The plastics industry is very aware of the problems associated with airborne moisture, from the formation of condensation on moulds to the absorption of moisture by the plastic granules. 

Injection and blow moulding operations utilize thermoplastics which are heated to plasticity and shaped into forms via use of a mould. The majority of systems employ the use of chilled water to maintain a cold surface on the mould, resulting in a quicker forming time of the component, and thus higher production volumes. In fact, generally the colder the mould, the quicker the cycle time and greater the production outputs.

Operating at low mould temperatures creates problems with condensation on the mould surface, especially during the summer period. This will result in unacceptable water marks on the product and corrosion on expensive moulds and guide pins, necessitating repair or even replacement.

This problem of sweating can easily be overcome by simply increasing the mould surface temperature. This however will not be the preferred choice as it will mean increasing the cycle time of the components and decreasing output. By incorporating a dehumidifier, mould temperature of 5°C or lower can be achieved, without the risk of sweating.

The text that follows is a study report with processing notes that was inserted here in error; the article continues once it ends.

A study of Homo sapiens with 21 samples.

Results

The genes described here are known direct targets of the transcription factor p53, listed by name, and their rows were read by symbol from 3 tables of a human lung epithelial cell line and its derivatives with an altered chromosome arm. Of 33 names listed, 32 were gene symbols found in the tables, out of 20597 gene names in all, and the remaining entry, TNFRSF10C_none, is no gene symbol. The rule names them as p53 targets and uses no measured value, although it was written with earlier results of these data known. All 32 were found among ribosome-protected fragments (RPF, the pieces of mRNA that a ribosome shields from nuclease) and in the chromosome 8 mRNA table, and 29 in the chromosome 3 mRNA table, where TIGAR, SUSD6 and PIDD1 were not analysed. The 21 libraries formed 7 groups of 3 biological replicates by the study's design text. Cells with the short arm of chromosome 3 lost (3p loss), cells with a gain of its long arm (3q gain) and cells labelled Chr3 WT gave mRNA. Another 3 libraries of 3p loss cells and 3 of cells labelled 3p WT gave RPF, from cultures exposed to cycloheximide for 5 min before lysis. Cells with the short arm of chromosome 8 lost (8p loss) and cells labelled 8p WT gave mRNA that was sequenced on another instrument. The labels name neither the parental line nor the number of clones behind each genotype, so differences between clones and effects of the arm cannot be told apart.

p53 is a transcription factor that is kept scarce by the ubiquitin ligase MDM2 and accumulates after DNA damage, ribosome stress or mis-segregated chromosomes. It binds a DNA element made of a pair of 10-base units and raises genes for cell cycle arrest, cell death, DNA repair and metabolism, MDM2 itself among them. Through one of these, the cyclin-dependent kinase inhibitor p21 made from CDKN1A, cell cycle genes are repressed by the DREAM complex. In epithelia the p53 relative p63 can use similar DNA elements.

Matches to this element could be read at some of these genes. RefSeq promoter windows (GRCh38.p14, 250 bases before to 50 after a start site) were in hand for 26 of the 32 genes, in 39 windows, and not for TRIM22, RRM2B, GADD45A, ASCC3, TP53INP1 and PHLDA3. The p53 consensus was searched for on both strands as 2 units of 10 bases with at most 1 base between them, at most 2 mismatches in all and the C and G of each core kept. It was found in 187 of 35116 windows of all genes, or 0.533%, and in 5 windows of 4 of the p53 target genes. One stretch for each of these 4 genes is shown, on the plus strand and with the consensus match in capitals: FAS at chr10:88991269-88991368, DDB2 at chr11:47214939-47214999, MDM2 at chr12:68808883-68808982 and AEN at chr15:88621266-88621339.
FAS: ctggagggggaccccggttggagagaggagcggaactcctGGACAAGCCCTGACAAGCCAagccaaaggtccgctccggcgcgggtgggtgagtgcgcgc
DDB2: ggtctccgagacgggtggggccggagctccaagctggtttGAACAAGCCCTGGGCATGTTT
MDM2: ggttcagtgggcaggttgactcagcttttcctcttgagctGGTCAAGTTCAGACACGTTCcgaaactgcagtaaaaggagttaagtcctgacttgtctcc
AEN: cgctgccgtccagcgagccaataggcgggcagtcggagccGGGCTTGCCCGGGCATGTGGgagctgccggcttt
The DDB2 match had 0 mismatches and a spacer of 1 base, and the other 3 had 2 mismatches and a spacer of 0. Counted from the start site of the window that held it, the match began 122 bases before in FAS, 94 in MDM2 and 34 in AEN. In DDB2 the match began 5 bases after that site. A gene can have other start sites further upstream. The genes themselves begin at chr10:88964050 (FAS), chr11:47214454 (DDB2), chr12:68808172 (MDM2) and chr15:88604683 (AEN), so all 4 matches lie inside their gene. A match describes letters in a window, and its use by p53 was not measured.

Greater production output
Due to low mould temperatures, quicker cycle times will be achieved, and in certain cases, reduction in excess of 30% are attainable, resulting in greater production output, irrespective of external ambient conditions.

Storing the raw material
When storing the raw material, normally plastic granules in silos, it is important to protect these against moisture damage. Also pneumatic systems can benefit from dry air, avoiding mould and the products sticking together. With a Seibu Giken DST dehumidifier, can you control the relative humidity in the whole production line.

Dry air can also be used when storing moulds. No need to put in time and effort in greasing the moulds -they are kept free from corrosion when the relative humidity is below 50%.